I love unit studies as a flexible and engaging framework for homeschool planning. If you don’t have time, you could buy a ready-made one. But if you’re on a budget, it’s actually super easy to plan a unit study. And I’m going to show you how! You can start by downloading my unit study planner below.
Get your Kids Involved in Choosing a Topic
The first and most important step, is to get your kids involved in choosing a topic. You will get a much higher level of engagement if they are learning about what interests them. You could give them a few options, if they get overwhelmed by choice. Or you can ask them what they would like to deep dive into.
Plan a Unit Study around Learning Goals
You can start to think about what you want your children to achieve for the week. Let’s say you want them to cover math, language arts, history, and science, and your unit study is dinosaurs. You can then mould the unit study around these subjects you want to cover.
Including Math in your Unit Study
Firstly for math, you could find or create dinosaur-themed worksheets to work on addition, subtraction, division or multiplication. Teachers Pay Teachers have lots of free or very reasonably-priced worksheets available. You could also use dinosaur figures as math manipulatives for great hands-on learning activities. I taught my kids skip counting by drawing numbers with chalk on the sidewalk, which their dinosaurs then jumped on.
I like to put together a Pinterest board with lots of ideas. Below is one I’ve created for a dinosaur unit study for elementary-aged kids.
Cover Language Arts with Themed Books
Secondly for language arts, you could use a dinosaur-themed book. Here is a list you could start with. Your children could read a few pages every day or you could find a nice book as a read-aloud. Choose a book that sparks conversation, that brings up interesting and useful facts, and that uses language or vocabulary that teaches kids grammar points for their level. Books are also great for testing comprehension or for being the starting point of a written or acted out story.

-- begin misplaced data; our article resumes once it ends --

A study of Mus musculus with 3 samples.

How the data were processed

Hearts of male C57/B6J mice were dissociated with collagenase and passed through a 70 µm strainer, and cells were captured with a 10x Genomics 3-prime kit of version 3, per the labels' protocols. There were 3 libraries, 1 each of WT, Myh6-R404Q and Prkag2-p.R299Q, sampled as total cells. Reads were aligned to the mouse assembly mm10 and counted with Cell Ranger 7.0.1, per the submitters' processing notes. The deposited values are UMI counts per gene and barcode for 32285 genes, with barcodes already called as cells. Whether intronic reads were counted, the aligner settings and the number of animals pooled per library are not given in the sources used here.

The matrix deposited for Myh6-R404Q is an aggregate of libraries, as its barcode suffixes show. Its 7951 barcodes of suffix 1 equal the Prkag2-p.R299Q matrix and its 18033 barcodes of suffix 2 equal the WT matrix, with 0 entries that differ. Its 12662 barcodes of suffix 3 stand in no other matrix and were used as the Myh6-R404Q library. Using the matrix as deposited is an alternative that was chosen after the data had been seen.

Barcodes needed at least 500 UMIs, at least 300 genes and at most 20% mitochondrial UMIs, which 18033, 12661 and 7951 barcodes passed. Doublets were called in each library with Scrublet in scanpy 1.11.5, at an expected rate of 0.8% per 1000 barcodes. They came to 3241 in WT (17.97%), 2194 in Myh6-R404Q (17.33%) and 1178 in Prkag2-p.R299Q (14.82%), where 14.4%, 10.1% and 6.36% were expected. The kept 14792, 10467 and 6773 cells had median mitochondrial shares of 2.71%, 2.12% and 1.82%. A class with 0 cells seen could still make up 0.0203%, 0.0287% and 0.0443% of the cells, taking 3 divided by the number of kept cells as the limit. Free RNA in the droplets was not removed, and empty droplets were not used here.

History doesn’t have to be Boring
Thirdly, you could base history around a famous person from the past, for example. Mary Anning is perfect for a dinosaur unit study. Apart from discussing the times she lived in, you could also look at the role of women in science…then and now. Tracking the history of paleontology as a field of study would also be interesting.
Don’t Forget to Include Science when you Plan a Unit Study
Lastly, there are lots of great options for science. For smaller children, you could simulate a fossil dig. They can practice some fine motor skills by using a small paintbrush to clean away the dirt or learn the names and parts of the dinosaurs. For older kids, you could use this Mystery Science episode as a starting point. My boys loved it!
Make your Unit Study Fun
As you can see, it’s very easy to find a week or two’s learning in one unit study theme. But one of the best parts for me, is all the extras that you can include. Some activities that will have your kids jumping for joy are:
- doing some themed baking. I love these super simple dinosaur-print cookies.
- taking a break with a movie, documentary or a TV series. Here’s a kid-friendly list of movies and shows.
- going on a field trip. You could visit a natural history museum or even a fossil sight, if you live close to one.
- doing arts and crafts. The possibilities are endless here. Making Fun Crafts has tons you can choose from.
I hope this post inspired you to plan a unit study. Please feel free to drop me a comment below or send me a mail if you have any questions. And don’t forget to follow me on Instagram, Facebook and Pinterest.